Lecture 8 Elements of Soil Mechanics

Phase relationships of earth materials
Effective stress
Shear strength
Settlement and consolidation

Soil mechanics concerns with the action of forces on soil masses. It involves the understanding and prediction of soil behaviors for engineering designs or uses as construction materials. Soil mechanics is a major component of  the field of study known as Geotechnical Engineering. Here we deal only with a few basic elements of it. Examples and derivations are given in the lectures.

Phase relationships of earth materials (pp 106-113)

Earth materials have a three-phase system, including solid, water, and air. Water and air occupy voids between solid particles. For soils, the physical weight volume relationship between these phases are particularly important. The relationship can be examined using a schematic solid-water-air phase diagram.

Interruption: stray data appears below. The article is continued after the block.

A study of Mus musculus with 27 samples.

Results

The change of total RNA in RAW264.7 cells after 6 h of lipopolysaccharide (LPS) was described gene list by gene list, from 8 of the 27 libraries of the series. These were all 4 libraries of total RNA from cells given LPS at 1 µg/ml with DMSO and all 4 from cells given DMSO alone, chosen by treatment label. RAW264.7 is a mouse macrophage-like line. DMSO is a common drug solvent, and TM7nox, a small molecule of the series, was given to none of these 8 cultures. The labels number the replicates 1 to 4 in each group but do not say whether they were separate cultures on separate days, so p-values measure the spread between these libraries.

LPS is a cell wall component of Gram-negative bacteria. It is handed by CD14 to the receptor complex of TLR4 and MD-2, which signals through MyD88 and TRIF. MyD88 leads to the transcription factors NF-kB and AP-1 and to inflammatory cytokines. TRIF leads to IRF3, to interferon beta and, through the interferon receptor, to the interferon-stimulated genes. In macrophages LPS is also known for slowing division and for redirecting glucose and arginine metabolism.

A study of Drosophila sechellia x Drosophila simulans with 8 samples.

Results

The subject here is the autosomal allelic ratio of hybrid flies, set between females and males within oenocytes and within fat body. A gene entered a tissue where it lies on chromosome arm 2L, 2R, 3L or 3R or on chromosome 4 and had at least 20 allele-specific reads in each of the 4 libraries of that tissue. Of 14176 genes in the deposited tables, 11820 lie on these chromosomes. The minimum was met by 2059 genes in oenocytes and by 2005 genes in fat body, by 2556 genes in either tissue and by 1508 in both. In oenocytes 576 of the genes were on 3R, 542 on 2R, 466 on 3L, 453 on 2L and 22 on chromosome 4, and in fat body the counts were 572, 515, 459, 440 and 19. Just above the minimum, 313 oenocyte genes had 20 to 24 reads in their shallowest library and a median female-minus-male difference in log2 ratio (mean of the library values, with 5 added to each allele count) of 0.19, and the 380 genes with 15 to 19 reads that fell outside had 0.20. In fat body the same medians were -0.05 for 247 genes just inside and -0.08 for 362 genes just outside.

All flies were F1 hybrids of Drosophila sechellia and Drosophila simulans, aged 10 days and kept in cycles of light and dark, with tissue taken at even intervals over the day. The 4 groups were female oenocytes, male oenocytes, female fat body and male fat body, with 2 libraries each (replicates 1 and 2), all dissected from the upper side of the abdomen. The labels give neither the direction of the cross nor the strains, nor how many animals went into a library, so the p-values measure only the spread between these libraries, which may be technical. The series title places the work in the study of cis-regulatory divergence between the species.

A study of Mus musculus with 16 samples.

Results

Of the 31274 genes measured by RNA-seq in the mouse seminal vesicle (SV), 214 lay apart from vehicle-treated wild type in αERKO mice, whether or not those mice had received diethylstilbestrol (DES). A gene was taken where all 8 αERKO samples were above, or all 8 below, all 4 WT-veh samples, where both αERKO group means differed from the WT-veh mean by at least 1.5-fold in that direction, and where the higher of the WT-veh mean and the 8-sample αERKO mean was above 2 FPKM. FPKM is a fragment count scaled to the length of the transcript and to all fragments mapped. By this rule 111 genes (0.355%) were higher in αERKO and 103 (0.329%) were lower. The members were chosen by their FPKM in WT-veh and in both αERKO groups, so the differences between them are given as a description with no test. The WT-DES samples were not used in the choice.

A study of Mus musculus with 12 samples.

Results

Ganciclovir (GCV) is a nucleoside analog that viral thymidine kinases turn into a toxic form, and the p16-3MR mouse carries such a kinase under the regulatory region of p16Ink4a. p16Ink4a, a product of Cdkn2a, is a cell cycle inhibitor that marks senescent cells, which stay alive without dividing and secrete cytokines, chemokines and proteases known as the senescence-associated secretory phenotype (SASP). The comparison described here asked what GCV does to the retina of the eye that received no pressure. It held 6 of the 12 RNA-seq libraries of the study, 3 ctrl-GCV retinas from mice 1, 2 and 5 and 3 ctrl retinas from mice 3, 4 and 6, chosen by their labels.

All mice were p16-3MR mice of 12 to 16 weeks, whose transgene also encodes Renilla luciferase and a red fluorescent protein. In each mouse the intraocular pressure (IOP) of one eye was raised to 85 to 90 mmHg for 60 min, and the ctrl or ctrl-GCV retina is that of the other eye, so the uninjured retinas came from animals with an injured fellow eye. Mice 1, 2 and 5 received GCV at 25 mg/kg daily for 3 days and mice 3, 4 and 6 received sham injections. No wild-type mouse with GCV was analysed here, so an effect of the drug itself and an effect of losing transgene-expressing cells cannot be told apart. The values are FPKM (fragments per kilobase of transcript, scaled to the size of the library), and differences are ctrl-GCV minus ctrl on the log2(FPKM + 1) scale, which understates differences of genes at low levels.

Effective stress (pp. 129-132)

Effective stress is an important concept, which has many applications in Geology. Consider a layer saturated with water beneath the surface. The total stress produced by the overlying layers is opposed from below by both the stress transmitted through the solid grains of the layer and the hydrostatic pore fluid pressure. Thus the stress acting between the solid grains (called effective stress) in effect is the total stress subtracted by the pore pressure.

Shear strength of soils (pp. 133-139)

The strength of a soil indicates the stress that the soil can sustain until failure (displacement or excessive deformation). In soil mechanics, the shear strength is the main concern because most failures result from excessive shear stresses. The shear strength of a soil determines its ability to support the load of a structure or remain stable on a slope.

Settlement and consolidation (pp. 143-145)

It is not very common for external loads to overcome the strength of the soils to cause failures. But soils do deform under external loads. The usual response  is a volume decrease beneath the foundation. Consolidation is the reduction in volume of a soil under load as water drains from the pores. Settlement is the vertical subsidence of the building as the soil is compressed. Excessive settlement, particularly when it is unevenly distributed, can result in serious damage to the structure.

Typically, the void ratio is plotted against the log of the effective consolidation pressure. The slope of this compression curve is called compression index of the soil.